As chockful of the latest safety features racecars are, motorsports is still considered one of the most dangerous sports known to man.
Toyota Motor Corporation and the Global Institute for Motor Sport Safety are out to change all that by embarking of a four-year research project to enhance safety in motorsports.
Using Toyota’s Total Human Model for Safety (THUMS), the research will focus on collisions closed-circuit racecars and rally cars, plus it may examine seat structures and seatbelt positioning.
The results of the research will be used to update motorsport in general and its regulations to increase the level of safety. Previously, crash test dummies were used to identify the impact a human body sustains in motorsports. However, these do not provide detailed analysis of the injuries to the brain, internal organs and various other parts of the body.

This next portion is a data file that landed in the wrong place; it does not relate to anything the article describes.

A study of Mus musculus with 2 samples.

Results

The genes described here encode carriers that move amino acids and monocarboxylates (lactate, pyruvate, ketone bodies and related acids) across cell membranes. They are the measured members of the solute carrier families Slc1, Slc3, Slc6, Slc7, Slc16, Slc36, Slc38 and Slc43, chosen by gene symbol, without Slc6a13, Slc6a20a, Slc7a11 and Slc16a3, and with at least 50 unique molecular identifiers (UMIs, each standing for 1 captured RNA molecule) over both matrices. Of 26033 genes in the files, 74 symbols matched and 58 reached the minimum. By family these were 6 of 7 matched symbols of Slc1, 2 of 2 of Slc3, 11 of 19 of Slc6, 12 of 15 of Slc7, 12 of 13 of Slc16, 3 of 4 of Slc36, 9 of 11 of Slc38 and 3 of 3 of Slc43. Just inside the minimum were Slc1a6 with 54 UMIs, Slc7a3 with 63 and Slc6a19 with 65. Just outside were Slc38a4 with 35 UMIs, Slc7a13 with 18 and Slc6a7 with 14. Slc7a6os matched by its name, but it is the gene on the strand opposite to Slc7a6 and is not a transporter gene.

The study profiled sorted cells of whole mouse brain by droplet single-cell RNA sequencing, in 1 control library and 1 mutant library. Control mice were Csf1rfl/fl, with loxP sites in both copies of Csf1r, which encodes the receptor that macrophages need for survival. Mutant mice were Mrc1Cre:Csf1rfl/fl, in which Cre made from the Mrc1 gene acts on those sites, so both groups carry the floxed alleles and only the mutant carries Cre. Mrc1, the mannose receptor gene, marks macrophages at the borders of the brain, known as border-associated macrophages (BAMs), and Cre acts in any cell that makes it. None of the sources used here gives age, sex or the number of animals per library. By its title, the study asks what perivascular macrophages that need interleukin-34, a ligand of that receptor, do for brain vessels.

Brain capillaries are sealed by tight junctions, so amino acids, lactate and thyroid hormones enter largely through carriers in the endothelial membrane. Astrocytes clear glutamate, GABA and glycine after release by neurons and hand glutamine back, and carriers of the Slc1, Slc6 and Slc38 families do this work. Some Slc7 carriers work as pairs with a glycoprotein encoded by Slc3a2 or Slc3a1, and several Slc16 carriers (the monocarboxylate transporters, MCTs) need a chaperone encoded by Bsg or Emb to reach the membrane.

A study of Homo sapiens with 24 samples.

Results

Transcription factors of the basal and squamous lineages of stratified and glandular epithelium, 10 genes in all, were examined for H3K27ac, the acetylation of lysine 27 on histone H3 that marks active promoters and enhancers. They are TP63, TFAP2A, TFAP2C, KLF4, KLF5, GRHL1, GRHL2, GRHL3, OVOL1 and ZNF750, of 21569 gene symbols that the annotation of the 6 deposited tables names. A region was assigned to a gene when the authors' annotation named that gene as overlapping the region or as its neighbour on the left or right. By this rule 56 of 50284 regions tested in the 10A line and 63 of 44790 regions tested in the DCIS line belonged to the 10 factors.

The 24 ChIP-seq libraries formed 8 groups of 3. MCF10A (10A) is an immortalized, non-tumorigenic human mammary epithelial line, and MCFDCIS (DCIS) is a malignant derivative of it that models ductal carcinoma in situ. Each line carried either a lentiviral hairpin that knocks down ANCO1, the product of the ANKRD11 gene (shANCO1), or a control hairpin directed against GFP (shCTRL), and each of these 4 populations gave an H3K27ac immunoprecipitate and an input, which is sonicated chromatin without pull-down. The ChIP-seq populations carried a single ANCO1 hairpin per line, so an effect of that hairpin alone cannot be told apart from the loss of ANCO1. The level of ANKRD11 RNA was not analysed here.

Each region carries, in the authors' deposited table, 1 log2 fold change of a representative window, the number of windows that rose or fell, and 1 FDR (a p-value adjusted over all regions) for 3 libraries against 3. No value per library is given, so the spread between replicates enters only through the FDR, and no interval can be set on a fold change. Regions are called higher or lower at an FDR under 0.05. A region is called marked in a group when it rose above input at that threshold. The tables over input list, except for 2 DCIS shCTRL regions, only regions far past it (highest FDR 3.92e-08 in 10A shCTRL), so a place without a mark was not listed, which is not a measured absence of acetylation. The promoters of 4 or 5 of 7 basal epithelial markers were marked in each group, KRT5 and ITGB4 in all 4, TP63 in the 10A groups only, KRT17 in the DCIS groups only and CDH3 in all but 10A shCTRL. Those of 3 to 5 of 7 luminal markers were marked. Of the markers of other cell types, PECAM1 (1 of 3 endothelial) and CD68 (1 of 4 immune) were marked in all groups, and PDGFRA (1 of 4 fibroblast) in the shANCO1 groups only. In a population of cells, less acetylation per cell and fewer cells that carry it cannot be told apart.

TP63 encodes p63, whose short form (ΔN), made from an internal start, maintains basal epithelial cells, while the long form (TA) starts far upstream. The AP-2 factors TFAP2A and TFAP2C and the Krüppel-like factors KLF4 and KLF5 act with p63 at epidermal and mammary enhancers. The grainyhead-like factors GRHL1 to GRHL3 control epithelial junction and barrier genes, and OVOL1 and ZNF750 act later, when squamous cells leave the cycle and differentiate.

This has pushed Toyota, through it Central R&D Labs, Inc., to create THUMS, which uses computer simulation and analysis of actual collision conditions, including the mechanism of injury occurrence and what it does to all parts of the body.
The automaker has been using THUMS since 2007 for research on the effects of vehicular collision on the body in general automobiles and crashes in motorsports.
So significant have the findings been that the FIA and NASCAR have requested for data on deceleration G forces and the effects of motorsports accidents to the spine and the body in general as seats in racecars vastly differ from regular vehicles.